SOURCE: University of Colorado, news release, March 20, 2016
FRIDAY, March 25, 2016 (HealthDay News) -- Only half of suicidal patients in U.S. emergency departments (EDs) are asked if they have access to guns, a new study finds.
National guidelines say doctors should ask suicidal patients about their access to guns or other deadly items, the researchers noted.
They interviewed more than 1,300 emergency department patients in seven states who had either attempted suicide or were thinking about it. The investigators also examined the patients' medical charts.
"We found in about 50 percent of cases there is no documentation by the doctor that anyone asked the patients about firearms access. That means there is a large group of patients we are missing a chance to intervene for," study lead author Dr. Emmy Betz, from the University of Colorado School of Medicine, said in a university news release.
About 25 percent of the patients who had guns at home said they kept at least one gun loaded and unlocked. Half said they had easy access to guns, which puts them at increased risk for suicide in the future, according to the study published recently in the journal Depression and Anxiety.
About 8 percent of all emergency department patients are admitted to the hospital for either attempting suicide or thinking about it. That shows the important roles emergency rooms play in suicide prevention, the researchers said.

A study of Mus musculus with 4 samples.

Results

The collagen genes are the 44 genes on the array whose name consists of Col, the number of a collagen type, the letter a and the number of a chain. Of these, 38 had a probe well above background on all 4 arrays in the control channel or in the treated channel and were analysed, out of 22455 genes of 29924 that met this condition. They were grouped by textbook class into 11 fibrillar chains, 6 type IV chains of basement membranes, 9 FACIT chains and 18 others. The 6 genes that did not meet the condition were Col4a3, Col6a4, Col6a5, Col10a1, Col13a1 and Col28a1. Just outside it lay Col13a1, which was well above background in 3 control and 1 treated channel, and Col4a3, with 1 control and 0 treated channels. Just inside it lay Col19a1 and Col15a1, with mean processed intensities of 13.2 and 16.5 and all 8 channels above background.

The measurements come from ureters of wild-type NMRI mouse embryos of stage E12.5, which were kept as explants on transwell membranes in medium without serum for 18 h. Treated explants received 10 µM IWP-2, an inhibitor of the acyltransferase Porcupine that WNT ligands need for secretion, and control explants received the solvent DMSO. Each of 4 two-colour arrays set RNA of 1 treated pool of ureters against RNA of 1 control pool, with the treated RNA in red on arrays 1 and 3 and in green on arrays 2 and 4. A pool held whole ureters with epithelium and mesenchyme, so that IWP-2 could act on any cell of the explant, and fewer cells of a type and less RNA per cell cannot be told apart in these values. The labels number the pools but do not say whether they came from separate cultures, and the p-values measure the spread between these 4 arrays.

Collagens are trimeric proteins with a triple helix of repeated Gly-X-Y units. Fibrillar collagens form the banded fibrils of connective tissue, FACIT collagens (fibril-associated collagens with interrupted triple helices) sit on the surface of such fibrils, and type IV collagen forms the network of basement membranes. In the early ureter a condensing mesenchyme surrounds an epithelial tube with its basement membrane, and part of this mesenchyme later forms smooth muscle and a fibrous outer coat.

"Multiple ED visits appear to be a risk factor for suicide, and many suicide victims are seen in the ED shortly before death," the researchers said in the news release. "Based on models using national suicide statistics, ED-based interventions might help decrease suicide deaths by 20 percent annually."
Previous studies have suggested that emergency room doctors are skeptical about the important role they can play in suicide prevention, and this new study appears to confirm that, the researchers said.
"This rate of assessment falls short of national guidelines recommending that all suicidal patients receive counseling about reducing access to firearms and other lethal means," Betz said.
"It is legal and appropriate to ask about this when it is relevant, as it is in the case of suicide attempts or suicidal ideation," she said. "Do it in a respectful, nonjudgmental way, and it will usually be well-received. Still, there isn't a lot of training on this. As a result, we are missing the chance to save a lot of lives."
Asking about access to guns is especially important because of the high risk of death. For example, about 90 percent of suicide attempts with guns are fatal, compared with 2 percent of medication overdoses, the researchers said.
The Depression and Bipolar Support Alliance has more on suicide prevention.